We’ve already discussed what the term ‘100 year flood’ actually means. So now the question has become, how do we figure out what the 100 year flood is for any particular location? It’s an important thing to know for any number of reasons ranging from determining if that dream house you want to buy is too close to the creek to the farmer deciding how much of his land he can plant on to the millionaire land developer deciding if he can build a Walmart on his property. This is the ultimate goal of most hydrology studies and it’s often referred to as flood frequency analysis.

You mostly hear ‘100 year flood’ in the media, but lots of different floods are important. In my day job we use everything from the 2 year to the 500 year flood. You can refer back to my previous post to review what that number means, but it’s referred to as the recurrence interval. The recurrence interval for any particular design varies depending on the importance of the project and the amount of risk you’re willing to put up with for that project. In most design situations the engineer will consider multiple recurrence intervals. For purposes of this discussion I’m mostly going to use the 100 year recurrence interval.

So, how do we decide how much flow the creek has to have before it’s a 100 year flood? Or how deep the ditch out back will get during a 100 year flood? In an ideal world you would do a detailed hydrology study with lots of modeling and calibrating. If you have a good hydrology model all you have to do is input a rainfall amount and it will spit out a flow. (There’s a whole different branch of civil engineering that turns that flow into a depth in the creek.) Some of the most advanced models can even pull the rainfall data out of those Doppler radar images the tv weather folks like to show. The problem… hydrology modeling requires a lot of detail and is time consuming and expensive. Hydrology models are extremely sensitive to minute changes and aren’t always reliable because they can be thrown off by something as simple as two rainstorms in two days. So hydrology modeling is generally only done in larger watershed wide projects.

The next best solution involves someone getting their feet wet, because if you’re really lucky there might be a stream gage near your project. A stream gage is a location where specialized equipment has been set up to keep track of the water depth in a creek, river, etc… If you’ve collected data from your stream gage for a long enough time period you can use the magic of statistics to define what constitutes a 2 year storm, 100 year storm, and so on. The log-Pearson Type III methodology is generally accepted as the best.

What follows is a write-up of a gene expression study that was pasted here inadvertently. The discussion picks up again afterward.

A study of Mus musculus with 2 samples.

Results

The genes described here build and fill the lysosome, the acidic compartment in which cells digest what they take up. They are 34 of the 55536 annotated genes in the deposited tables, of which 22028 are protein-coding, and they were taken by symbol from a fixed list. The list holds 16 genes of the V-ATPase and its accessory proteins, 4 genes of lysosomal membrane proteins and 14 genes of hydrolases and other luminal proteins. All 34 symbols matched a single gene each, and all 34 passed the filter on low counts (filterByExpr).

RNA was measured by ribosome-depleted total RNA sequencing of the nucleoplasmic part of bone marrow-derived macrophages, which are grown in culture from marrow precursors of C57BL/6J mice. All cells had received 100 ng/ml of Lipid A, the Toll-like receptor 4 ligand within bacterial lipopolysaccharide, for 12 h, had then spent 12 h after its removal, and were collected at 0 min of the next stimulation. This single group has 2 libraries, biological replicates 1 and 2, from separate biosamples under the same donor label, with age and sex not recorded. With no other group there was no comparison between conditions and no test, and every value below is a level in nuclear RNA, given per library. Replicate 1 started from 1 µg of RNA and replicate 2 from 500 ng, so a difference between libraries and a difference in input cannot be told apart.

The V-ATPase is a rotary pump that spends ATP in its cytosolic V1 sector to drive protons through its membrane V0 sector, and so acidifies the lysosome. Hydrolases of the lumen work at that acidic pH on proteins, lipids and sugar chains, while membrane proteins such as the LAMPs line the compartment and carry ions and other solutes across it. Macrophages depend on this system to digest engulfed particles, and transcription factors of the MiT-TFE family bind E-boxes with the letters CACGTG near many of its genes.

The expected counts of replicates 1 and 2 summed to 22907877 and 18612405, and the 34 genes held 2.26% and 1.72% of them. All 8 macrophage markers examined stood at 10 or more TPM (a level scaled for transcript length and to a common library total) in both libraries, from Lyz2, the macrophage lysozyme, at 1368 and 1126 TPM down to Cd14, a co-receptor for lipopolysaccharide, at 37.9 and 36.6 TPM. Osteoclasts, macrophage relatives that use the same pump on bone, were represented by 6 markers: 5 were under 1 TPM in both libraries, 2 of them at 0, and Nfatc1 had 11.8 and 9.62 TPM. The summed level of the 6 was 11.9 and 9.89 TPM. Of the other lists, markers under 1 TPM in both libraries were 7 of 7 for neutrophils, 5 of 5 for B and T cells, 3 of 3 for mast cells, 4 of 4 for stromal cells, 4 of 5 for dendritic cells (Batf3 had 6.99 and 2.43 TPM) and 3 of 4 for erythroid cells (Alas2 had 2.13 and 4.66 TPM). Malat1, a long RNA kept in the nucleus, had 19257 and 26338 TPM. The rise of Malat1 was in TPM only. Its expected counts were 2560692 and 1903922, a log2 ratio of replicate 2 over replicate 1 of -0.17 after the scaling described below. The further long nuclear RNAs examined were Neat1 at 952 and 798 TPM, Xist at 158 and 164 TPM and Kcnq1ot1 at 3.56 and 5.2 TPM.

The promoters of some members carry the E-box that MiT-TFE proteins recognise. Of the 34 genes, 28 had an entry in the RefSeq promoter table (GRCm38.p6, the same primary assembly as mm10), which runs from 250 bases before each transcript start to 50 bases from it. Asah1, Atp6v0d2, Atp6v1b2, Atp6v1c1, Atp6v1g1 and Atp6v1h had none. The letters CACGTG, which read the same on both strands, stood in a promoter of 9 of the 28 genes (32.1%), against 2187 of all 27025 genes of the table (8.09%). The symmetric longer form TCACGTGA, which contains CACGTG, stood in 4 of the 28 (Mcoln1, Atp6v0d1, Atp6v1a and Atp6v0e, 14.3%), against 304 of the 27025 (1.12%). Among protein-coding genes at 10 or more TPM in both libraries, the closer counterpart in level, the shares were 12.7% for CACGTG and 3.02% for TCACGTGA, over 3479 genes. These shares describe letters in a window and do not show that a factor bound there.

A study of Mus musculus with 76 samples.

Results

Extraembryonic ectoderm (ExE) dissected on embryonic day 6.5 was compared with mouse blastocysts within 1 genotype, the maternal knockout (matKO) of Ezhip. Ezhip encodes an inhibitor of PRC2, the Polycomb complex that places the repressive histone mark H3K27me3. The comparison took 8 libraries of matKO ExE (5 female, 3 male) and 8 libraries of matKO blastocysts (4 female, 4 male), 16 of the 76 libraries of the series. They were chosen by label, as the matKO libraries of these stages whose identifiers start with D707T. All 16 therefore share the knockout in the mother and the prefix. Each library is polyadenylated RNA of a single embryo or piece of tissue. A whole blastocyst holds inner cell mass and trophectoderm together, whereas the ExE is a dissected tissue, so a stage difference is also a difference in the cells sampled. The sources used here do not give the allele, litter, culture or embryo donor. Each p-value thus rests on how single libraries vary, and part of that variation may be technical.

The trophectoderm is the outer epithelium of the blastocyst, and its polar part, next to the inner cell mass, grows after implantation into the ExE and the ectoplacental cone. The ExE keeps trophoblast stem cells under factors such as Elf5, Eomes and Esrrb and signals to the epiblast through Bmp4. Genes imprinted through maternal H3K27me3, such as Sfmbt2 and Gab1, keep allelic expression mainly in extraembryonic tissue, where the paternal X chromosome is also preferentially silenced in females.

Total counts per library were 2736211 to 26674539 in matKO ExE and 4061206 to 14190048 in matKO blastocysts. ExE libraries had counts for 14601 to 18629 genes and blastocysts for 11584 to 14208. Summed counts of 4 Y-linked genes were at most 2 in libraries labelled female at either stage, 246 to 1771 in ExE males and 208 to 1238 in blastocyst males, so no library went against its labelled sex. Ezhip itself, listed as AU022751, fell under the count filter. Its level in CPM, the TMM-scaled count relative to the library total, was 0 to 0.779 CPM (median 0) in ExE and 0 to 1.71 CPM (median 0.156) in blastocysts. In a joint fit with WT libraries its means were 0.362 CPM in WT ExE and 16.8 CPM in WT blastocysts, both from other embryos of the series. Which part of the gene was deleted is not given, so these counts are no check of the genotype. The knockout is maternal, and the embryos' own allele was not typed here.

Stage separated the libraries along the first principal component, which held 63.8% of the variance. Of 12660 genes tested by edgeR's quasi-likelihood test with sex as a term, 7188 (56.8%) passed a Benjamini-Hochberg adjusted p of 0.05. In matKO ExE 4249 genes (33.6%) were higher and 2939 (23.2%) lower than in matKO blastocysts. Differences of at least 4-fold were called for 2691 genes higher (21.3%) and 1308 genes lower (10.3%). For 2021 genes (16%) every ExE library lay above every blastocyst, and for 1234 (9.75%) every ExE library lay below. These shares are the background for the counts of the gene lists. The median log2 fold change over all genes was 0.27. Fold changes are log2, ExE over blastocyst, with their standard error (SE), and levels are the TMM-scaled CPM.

Sadly, there are very few stream gages in Tennessee. That number grows significantly if you include old stations that are no longer in operation, but it shrinks again if you start excluded stations that don’t have enough data to try and figure out the larger recurrence interval storms. Just how many years of data you need in order to realistically determine a 100 year storm is a matter of some scientific debate, but it’s not an insignificant time period. The most recent study to tackle this included gage stations with at least 10 years of data collected which amounted to 453 stations. You can draw your own conclusions on the validity of using 10 years of data to determine a 100 or 500 year storm but I suspect the 10 year limit was a compromise between rigorous science and real world needs.

If you are unlucky enough to have a project that isn’t near a gage station then you have to employ a little more ~~voodoo~~ statistical analysis. I’m not going to try and give a detailed description of how this works, mostly because I don’t know much about it myself. In broad terms, The gage data is analyzed to develop a relationship between the measured flow rate and certain site specific variables. Once a statistically relevant relationship is determined, you have an algebraic equation that you can apply that to other, non-gaged, locations. Due to differences in climate, geology, etc… each equation is only valid for a particular area. Equations developed in the Nevada desert can’t be used in rainy Seattle, and the same can be said for equations developed in flat, sandy Memphis versus the mountains around Johnson City, TN.

It’s like deciding that if your dog ate three cups of food a day when she weighed 20 pounds and six cups a day when she grew to 40 pounds, then your new dog will eat the same amount when he weighs that much. There’s some variability from one dog to the next, but if the new dog is the same breed as the old then you’re generally going to be right. But if your new dog is a different breed, then you have to start from scratch. The vet already knows how much each type of dog eats because she has all the historic data, just like the US Geological Survey knows how much flow a 100 year storm will generate for just about anywhere in the country.

If you’re interested in too much detail, read this USGS study.